Creating value: how postgrad studies can make the difference

Dual creation of value can help to meet both the needs of students and employers and provide a stimulating learning experience, says Dr Ben Silverston

In the current education market, selecting a postgraduate programme that will add value to one’s education is absolutely crucial. Many postgraduate students are in work and are looking for courses that will help support their professional development and enhance their employability. The kind of transferable skills that can be found across most postgraduate programmes is where the real value is added to the individual, regardless of whether the course is specialist or more generalist in nature. However, in getting the most out of postgraduate study potential students should be looking for what I identify as “dual creation of value”.

Whilst some postgraduate students will enrol on courses having just graduated from a bachelor’s qualification, many will be coming back to study having been in employment, or will be looking to gain entry based on their previous work experience. In these cases, the justification for study needs to be stronger as there are additional pressures beyond simply the value that it will add to the individual. There may be a need to justify the study to an employer, either to gain financial or other support. There may also be a need to show how studying the course will enhance the workplace or provide additional capacity in a key area; this is the core of dual creation of value.

The justification for study needs to be stronger as there are additional pressures beyond simply the value that it will add to the individual

Excellent postgraduate courses will be structured around key business or role specific functions, with modules that contain industry relevant, cutting edge material. Assessment approaches will enable students to apply what they are learning in applied contexts, using employment wherever possible to make use of knowledge and skills. In applying the content and skills to the workplace employers are engaged and able to realise value from the assessment output. In technical or specialist qualifications this may allow employers to move into new areas or enhance practices, bringing them up to date. In more generalist postgraduate qualifications this will allow employers to engage with students to work on pertinent issues and to share best practice. As a potential student this would help to make the conversation about support from employers much easier, and provide more evidence for promotion opportunities.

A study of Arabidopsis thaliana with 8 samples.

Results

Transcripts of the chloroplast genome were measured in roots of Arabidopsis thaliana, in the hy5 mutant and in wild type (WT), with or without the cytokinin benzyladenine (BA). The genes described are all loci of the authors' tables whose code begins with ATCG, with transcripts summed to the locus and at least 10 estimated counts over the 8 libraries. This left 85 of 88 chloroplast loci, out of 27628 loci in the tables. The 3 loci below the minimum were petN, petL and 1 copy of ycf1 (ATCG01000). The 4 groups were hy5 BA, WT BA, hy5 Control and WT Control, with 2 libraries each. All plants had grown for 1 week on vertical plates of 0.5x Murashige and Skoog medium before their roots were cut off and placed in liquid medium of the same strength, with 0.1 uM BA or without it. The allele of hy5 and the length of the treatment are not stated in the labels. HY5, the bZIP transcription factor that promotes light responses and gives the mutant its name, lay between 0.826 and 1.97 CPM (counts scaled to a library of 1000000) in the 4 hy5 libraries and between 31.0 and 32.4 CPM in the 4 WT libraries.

Spotting the courses that allow for dual creation of value can be a challenge and there are certain things that potential students can look for, and questions that can be asked, to make it easier to find the right ones.

  • Look at the module mix – What modules are being taught on the programme? It is worth considering whether they reflect current trends in the particular area of the course and whether they have the right balance of technical and broader developmental subjects.
  • Explore the module content – The module content needs to further reflect current, or future practice, and give students the opportunity to engage with topical issues. The best courses will also bring in content and opportunities from key players in the industry that the course covers, making use of their expertise. This may be in the form of case studies, guest lectures or industry links.
  • Professional body links – Employers are increasingly looking for people who have professional body recognition for their training, alongside academic qualifications. The best postgraduate programmes will have some alignment to professional or regulatory bodies which can often provide additional accreditation when the course is completed.
  • Assessment approaches – Ask about the way in which the modules are assessed; are they written to make use of workplace opportunities? Adding dual value requires application of content and skills, developed on the course, in the workplace. This might not be obvious on a website or in a prospectus, so it is worth having a conversation with an admissions advisor to ask the question.

Selecting a postgraduate course can be a challenge, and in the current employment environment can be a crucial key to progression. Dual creation of value can help to meet both the needs of students and employers and provides a stimulating and highly relevant learning experience. If you want to get the most from further study, look for courses that provide these opportunities.

Dr Ben Silverstone is the Programme Leader (Degree Apprenticeships and Quantitative Business) at Arden University. Ben is an IT security expert who specialises in email governance, business security, and user experience. He has a PhD in engineering.